Australia needs to make on how we end the coronavirus epidemic

Australia needs to make on how we end the coronavirus epidemic

By: Charis Chang

In order for Australian life to return to normal, there are only two ways that the virus can be defeated, either a vaccine is found or Australia develops “herd immunity” which means about 60 per cent of the population, or 15 million people, need to be infected.

So we can either wait it out for up to 18 months and hope the vaccine is developed quickly, or we can slowly infect Australians, knowing that some people will die.

“This is going to be brutal,” Prof Blakely said of the decision facing Australians.

While there are some “grey areas” between the options where hybrid solutions could be implemented, Prof Blakely believes there are only three main options and all of them could have serious implications for people’s lives.

“We need to be able to talk about this calmly and rationally,” he said.

“It’s a wicked choice we need to make. COVID-19 has the ‘dread factor’. It strikes older people down and they die, and occasionally it also strikes young people down.

Prof Blakely believes it’s time for a public discussion on the path Australia should be taking and this should involve not just politicians but also epidemiologists, economists, philosophers and ethicists.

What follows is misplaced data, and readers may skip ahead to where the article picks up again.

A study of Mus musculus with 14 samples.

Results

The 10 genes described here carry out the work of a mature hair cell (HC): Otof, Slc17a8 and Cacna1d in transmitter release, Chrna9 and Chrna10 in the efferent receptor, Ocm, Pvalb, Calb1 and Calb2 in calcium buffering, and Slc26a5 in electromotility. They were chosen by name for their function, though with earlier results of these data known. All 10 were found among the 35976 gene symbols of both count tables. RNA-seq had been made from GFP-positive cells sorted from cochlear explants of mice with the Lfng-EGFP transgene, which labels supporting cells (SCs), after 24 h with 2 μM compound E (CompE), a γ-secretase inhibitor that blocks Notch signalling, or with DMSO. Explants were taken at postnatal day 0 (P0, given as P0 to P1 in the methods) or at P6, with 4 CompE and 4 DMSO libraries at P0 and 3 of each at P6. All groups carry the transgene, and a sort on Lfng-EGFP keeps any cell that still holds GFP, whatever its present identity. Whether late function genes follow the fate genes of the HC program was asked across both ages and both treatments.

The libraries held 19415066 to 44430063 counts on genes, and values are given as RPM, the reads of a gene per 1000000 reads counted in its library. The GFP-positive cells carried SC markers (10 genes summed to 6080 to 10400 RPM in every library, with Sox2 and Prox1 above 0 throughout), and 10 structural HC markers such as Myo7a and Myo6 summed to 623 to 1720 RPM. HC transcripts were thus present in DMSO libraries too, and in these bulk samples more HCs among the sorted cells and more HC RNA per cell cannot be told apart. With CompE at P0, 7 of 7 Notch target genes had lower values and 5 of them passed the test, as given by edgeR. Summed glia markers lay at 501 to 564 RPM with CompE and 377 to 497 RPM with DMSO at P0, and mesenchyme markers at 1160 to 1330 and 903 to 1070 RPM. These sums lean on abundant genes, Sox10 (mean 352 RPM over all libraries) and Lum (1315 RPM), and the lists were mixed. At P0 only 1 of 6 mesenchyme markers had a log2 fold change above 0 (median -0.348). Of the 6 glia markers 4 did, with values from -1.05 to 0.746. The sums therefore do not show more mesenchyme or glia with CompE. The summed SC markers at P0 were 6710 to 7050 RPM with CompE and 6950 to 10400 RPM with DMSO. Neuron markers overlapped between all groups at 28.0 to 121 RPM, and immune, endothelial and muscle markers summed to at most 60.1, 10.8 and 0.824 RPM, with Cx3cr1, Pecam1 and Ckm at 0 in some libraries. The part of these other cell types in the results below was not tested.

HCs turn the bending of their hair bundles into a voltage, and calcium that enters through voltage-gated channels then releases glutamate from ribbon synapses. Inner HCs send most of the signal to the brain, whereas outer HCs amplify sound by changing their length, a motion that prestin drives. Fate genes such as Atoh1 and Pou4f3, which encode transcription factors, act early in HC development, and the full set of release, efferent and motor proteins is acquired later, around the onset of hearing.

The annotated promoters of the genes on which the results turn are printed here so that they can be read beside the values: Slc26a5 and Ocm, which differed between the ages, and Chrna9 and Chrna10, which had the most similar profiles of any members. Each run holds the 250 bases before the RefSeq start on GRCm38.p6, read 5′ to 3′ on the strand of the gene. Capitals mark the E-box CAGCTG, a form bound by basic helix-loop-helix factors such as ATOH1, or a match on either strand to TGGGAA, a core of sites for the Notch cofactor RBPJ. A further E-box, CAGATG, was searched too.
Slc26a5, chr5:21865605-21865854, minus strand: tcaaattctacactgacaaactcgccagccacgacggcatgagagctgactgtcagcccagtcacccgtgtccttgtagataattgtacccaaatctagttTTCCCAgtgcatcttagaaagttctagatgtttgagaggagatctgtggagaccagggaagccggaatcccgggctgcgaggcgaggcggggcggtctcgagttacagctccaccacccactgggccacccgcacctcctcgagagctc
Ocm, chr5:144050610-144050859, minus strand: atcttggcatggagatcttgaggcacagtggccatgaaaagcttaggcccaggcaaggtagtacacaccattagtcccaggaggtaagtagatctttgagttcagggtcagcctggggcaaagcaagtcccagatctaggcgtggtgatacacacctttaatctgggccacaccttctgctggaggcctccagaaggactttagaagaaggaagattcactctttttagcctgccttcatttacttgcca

“Now that we have really good suppression of the virus, we have the opportunity for discussion and to work our way through which option we want to take,” Prof Blakely said.

While there has been little parliamentary oversight of the Morrison Government’s actions so far because of the speed at which it’s needed to act, Prof Blakely believes this should now be restored and over the next two to three weeks, the government should also engage the community through things like citizen juries, to make a decision.

Today, the Morrison Government will release its epidemic modelling and Prof Blakely believes this will also shed light on the options and the best way forward.

“Australia is truly the Lucky Country … we have created a window for discussion as we are actually now in control of the epidemic,” he said.

“Whatever we do, we should do it as a social collective, and make a decision on how we respond.

“This is the most important decision Australia’s had to make since World War II.”


Prof Blakely is sceptical about whether this can still be done, however, he doesn’t want to rule it out yet. Government modelling should shed light on whether it’s still possible.

The aim would be to eliminate the virus from Australia but this would involve even stricter lockdowns being enforced for between six weeks to three months.